What does a Pediatric Orthopedist do?

  • Edited By: Heather Bailey
  • Last Modified Date: 27 March 2020

The physical build of adults and children is very different. This difference may be most drastically noticed in the bones. Children's bones are constantly changing and evolving, which generally makes them more sensitive. For this reason, children are typically more prone to injuring their bones than adults. Of the most common childhood injuries are sprains, strains and fractures, all of which may call for a visit to a pediatric orthopedist for an evaluation.


Although they are often confused, sprains and strains are two completely different types of injuries. A sprain refers to an injury of an ligament. On the other hand, a strain is an injury to a tendon or muscle. Due to their rough and often unpredictable play, these are two of the most common injuries in children. Generally, a pediatric orthopedist will spend a great deal of his or her time treating children with these types of injuries.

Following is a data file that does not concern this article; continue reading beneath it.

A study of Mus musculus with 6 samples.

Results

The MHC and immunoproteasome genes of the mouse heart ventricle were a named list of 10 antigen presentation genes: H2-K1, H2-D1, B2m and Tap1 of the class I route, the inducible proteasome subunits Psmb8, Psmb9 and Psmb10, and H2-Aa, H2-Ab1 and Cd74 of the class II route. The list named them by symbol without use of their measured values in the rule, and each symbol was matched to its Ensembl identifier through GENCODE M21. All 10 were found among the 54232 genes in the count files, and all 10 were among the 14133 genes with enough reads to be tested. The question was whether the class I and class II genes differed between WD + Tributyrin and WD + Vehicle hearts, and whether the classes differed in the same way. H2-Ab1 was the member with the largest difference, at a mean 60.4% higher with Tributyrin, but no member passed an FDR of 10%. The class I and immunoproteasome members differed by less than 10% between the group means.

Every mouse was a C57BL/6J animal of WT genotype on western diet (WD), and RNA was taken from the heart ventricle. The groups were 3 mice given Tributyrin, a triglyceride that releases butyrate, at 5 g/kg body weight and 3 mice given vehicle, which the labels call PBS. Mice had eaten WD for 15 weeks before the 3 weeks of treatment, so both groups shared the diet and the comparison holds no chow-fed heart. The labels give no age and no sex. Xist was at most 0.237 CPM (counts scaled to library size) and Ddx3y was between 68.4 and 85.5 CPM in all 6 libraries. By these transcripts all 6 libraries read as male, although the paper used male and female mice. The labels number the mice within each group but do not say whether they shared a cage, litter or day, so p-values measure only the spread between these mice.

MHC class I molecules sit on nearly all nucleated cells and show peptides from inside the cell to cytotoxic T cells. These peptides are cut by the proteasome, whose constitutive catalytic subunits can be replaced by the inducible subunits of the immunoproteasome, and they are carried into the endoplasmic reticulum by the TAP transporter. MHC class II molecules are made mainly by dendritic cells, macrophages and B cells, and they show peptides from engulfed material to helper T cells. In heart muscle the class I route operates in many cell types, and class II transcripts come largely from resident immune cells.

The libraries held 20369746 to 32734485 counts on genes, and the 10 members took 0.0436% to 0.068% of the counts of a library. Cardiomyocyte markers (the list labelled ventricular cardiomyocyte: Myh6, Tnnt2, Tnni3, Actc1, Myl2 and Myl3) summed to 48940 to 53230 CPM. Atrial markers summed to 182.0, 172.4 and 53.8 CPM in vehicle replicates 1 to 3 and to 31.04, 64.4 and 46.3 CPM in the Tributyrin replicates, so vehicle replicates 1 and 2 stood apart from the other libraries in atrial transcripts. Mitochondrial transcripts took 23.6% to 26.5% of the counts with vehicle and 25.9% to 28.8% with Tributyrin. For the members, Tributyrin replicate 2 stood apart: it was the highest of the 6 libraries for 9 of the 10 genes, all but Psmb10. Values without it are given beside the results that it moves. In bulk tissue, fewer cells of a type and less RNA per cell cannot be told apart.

Fractures are also common injuries in children. A fracture occurs when there is a break in a bone. Often, typical child play may result in a hard shove or fall, which could cause a bone to fracture. If a parent suspects that his or her child has suffered this type of injury, an appointment may immediately be made with a pediatric orthopedist for a proper diagnosis and treatment. The doctor will typically send the child for X-rays to confirm the injury and may prescribe a cast to immobilize the area as treatment.

Orthopedic surgeries may be amongst the most demanding parts of being a pediatric orthopedist. Some children with particularly complex bone diseases may require surgery as the only alternative for treatment. Pediatric orthopedists who work primarily as surgeons may do so from a children's hospital. In most cases, the doctor will visit the patient daily while he or she is in the hospital and will follow up after release with an in-office visit. To serve patients on an outpatient basis, doctors in this genre of medicine may work out of a private office or within a group practice.